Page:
Posted by: Jena McGregor on April 15, 2008
At the Washington Mutual annual meeting today, the score on three key shareholder issues was activists three, bank zero. The nation’s largest thrift, which reported a $1.1 billion loss for the first quarter and has been among the hardest hit by the subprime mortgage crisis, has come under heavy fire in recent months. And under even more at today’s shareholder meeting: “It’s no longer a WaMu board,” said Scott Adams, a representative from the American Federation of State, County and Municipal Employees (AFSCME), who was interrupted by applause. “It’s more like a Wa-Me board, short for what’s in it for me. The mutual is gone.”
Shareholders managed to win big on three fronts. One of two shareholder proposals on the proxy ballot, a separation of the Chairman and CEO posts currently both held by Kerry Killinger, won 51% of the vote, a rare majority win for shareholders. Earlier today, director and finance committee chair Mary Pugh, who was responsible for monitoring the bank’s risk management, resigned under pressure. Several shareholder groups and proxy watchers, including Proxy Governance, ISS and Change to Win (CtW) had all called for shareholders to withhold votes for her reelection.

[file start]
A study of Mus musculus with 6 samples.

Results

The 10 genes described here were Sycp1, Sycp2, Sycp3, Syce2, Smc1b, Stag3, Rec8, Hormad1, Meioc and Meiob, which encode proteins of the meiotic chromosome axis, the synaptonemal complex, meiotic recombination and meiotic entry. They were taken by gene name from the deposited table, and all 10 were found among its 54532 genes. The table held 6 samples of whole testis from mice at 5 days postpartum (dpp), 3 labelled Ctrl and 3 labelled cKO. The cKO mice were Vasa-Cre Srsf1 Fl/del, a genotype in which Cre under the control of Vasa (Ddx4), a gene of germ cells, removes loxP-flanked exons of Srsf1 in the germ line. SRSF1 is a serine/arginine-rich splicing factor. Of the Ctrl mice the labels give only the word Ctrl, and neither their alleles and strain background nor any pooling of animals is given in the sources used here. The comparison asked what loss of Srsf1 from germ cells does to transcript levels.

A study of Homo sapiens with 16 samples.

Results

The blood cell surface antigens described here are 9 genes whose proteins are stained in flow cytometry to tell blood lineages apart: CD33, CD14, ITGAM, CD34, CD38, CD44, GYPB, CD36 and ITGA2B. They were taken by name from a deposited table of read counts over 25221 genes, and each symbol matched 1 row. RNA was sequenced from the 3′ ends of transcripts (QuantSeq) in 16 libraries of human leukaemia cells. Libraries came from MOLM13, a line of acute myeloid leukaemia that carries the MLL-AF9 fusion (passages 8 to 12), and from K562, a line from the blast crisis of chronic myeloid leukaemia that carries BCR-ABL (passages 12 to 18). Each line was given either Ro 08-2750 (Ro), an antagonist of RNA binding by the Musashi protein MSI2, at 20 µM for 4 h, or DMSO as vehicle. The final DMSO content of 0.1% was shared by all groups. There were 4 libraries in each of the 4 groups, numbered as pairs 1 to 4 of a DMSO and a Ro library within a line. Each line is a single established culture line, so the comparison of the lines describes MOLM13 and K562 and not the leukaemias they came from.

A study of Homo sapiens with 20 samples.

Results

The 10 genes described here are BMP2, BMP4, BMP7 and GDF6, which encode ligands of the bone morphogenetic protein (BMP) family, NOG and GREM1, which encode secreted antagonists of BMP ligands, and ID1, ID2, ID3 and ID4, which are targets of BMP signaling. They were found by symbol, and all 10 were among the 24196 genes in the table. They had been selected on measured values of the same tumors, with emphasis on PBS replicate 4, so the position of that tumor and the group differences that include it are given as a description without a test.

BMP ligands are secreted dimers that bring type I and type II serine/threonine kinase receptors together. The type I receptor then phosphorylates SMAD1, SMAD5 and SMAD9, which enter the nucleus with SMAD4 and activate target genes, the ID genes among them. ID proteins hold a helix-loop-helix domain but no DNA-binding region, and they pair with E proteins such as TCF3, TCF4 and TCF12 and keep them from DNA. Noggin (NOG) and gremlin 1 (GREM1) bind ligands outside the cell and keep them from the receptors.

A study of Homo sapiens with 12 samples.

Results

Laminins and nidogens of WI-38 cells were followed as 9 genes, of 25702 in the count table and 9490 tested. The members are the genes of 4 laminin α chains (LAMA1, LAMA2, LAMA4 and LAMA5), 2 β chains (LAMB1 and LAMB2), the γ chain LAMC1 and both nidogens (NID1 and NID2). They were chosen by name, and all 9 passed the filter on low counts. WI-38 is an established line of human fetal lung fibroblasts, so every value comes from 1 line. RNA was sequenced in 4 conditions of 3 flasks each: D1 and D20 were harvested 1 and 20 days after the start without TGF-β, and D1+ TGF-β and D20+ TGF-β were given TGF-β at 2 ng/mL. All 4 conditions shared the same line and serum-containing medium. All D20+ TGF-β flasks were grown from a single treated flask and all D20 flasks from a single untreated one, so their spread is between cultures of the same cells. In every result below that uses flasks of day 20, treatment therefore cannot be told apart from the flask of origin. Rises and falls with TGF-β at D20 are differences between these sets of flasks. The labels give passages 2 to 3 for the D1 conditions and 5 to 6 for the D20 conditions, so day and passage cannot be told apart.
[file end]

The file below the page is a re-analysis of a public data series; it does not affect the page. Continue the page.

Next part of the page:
And perhaps most notable: WaMu reversed a much-criticized decision to leave out the company’s mortgage-related losses when calculating profits that determine executive bonuses for the year ahead. The move effectively shielded executives from further fallout in the housing crisis, and was widely scoffed at by pay consultants. Shareholders were incensed. “It doesn’t make any sense to exclude some of the most significant lines of business they’re in,” says Richard Clayton, research director at CtW. As recently as a few weeks ago, the company was defending the move. “WaMu’s executive compensation program is designed to align compensation with the company’s current and long-term business strategy and goals,” wrote one spokesperson in an email on March 25. “As a result, management is held accountable for total company performance.”
Is today’s WaMu meeting a tipping point for shareholder success? It’s too early to tell, and WaMu’s case is extreme. But the bank’s succumbing to executive pay criticism, the departure of Mary Pugh, and the high vote on the CEO-Chairman role is one more indication of a new era of shareholders’ weight in the often arcane world of corporate governance. Just don’t expect them to rest on these wins. CtW is already calling on the company to release full election results and believes preliminary results may point to other directors failing to win a majority. “It’s disappointing that it took the concerted action of shareholders to correct the failure of the compensation committee,” said CtW executive director William Patterson in a statement. “To avoid a repeat failure by the compensation committee, we have called on Washington Mutual’s board to immediately request the resignation of [compensation] Committee Chairman James Stever.”